CrossFit has become more than a fad within the fitness industry. This rapidly growing form of fitness spans across the globe with over 15,000 CrossFit affiliated gyms worldwide, and 49 of them located in Michigan!
The rate of injury within CrossFit has been proven to be the same as or less than during participation in other sports, but with the rapid growth in participation, there have also been a large number of injuries to account for.
For those who have not participated or are unaware, CrossFit promotes itself as being focused on producing a “constantly varied, high-intensity, functional movement” form of fitness in an effort to improve one’s “capacity to move large loads over long distances, and to do so quickly.” The “WOD” or workout of the day at your local CrossFit gym, also termed “box”, can include many different exercises ranging from plyometrics, agility, body weight resistance training, barbell weight training, to gymnastic-type movements. Adaptations or scaling options can be made to allow anybody, beginner to professional athlete, to participate at their own independent level.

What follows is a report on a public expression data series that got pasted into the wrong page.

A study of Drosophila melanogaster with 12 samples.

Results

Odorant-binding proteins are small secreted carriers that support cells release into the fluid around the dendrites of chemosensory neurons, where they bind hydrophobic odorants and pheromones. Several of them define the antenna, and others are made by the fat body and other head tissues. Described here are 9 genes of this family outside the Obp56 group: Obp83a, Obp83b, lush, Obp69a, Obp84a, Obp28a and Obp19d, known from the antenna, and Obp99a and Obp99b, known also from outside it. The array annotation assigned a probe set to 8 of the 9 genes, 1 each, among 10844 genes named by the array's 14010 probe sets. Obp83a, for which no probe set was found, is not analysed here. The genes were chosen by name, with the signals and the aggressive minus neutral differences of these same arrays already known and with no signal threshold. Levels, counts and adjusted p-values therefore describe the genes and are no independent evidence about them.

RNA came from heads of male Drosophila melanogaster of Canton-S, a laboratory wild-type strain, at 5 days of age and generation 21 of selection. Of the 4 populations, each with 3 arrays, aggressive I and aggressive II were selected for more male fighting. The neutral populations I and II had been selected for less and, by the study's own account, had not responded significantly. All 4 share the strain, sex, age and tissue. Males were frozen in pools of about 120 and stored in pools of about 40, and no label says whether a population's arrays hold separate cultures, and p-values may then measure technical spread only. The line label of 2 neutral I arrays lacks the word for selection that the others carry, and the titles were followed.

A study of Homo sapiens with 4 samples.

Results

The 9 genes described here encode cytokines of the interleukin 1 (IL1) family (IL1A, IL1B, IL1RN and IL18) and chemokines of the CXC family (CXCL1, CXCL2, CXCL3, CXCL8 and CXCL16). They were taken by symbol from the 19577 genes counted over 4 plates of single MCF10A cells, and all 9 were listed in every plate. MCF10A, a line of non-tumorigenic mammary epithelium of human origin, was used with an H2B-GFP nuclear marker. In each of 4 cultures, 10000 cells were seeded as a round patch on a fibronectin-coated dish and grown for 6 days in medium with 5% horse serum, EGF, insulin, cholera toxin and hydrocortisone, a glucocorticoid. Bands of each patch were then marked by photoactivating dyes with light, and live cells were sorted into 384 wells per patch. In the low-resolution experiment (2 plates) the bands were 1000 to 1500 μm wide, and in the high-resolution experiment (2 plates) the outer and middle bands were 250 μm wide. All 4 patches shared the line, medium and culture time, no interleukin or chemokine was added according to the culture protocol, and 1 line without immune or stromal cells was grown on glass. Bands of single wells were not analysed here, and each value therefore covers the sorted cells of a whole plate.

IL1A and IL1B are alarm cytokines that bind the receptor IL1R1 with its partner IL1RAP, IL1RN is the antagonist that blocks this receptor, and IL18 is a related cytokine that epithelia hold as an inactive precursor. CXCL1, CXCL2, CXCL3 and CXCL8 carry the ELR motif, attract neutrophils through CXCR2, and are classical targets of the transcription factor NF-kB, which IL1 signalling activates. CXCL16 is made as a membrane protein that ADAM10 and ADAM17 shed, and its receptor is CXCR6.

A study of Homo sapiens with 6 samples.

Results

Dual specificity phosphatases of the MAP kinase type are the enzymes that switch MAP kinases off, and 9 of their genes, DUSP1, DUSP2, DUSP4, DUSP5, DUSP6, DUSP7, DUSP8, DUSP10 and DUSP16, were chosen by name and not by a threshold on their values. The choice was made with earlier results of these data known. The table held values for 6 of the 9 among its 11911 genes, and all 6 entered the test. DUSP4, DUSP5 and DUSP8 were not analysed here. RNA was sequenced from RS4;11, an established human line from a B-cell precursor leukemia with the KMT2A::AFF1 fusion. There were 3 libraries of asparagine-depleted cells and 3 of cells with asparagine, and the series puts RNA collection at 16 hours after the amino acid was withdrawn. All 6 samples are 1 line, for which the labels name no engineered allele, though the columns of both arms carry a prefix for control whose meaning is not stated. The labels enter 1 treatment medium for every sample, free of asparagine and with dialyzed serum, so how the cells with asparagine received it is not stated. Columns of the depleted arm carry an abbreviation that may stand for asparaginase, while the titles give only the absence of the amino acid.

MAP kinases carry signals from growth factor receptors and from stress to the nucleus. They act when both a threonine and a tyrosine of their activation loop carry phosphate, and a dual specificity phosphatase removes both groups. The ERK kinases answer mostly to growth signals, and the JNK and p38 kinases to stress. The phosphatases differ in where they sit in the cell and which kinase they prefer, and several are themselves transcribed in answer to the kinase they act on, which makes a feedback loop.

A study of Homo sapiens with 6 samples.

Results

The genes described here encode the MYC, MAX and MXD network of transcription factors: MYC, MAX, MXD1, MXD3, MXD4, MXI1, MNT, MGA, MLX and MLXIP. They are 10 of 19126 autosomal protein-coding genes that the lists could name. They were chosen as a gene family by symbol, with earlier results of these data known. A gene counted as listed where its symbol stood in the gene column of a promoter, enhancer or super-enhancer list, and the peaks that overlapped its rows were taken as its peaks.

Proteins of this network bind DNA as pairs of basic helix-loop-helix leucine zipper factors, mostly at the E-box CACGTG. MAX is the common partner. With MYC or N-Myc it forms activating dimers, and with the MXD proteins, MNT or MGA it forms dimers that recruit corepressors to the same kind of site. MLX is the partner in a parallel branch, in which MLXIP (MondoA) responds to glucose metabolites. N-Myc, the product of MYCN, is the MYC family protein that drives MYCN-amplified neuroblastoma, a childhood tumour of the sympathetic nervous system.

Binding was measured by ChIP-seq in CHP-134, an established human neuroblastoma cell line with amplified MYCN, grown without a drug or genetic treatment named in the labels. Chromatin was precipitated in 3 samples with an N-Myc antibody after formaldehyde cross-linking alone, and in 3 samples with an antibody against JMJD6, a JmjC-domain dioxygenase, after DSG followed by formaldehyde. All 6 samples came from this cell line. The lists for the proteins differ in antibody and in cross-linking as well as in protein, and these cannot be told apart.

But how does CrossFit mesh with the healthcare industry?
Quite well actually.
CrossFit, as a brand, is focused on getting people moving, and by doing so, reducing chronic disease. CrossFit and physical therapy parallel well in a very natural way, as physical therapists are trained to be the movement experts of the healthcare industry. As PTs, it is our job to help you move in a more efficient manner, by guiding you in making the most appropriate changes to your muscle strength, flexibility, and neurological mechanisms. Our goal is to diagnose your musculoskeletal conditions, help you understand the natural healing timeframe, and take you through those phases until you reach your goals.
If you are already participating in something such as CrossFit that is good for your general well being, it is in our best interest as healthcare provides to help you stay as active as possible, instead of removing you from the activity for a period of time while you are healing. Being physically active has been proven to reduce typical healing times as well as injury rates in multiple populations. A physical therapist can help you overcome your injury while making suggestions for appropriate modifications because of the arthrokinematic knowledge.
So, what exactly can a physical therapist offer a CrossFit athlete?
If you are doing CrossFit and have an injury, or want to start CrossFit and don’t know where to begin, reach out to one of our “Fitness Athlete” therapists, to schedule a free consult. Keep in mind that Direct Access in Michigan may allow you to start your therapy without a referral from your physician.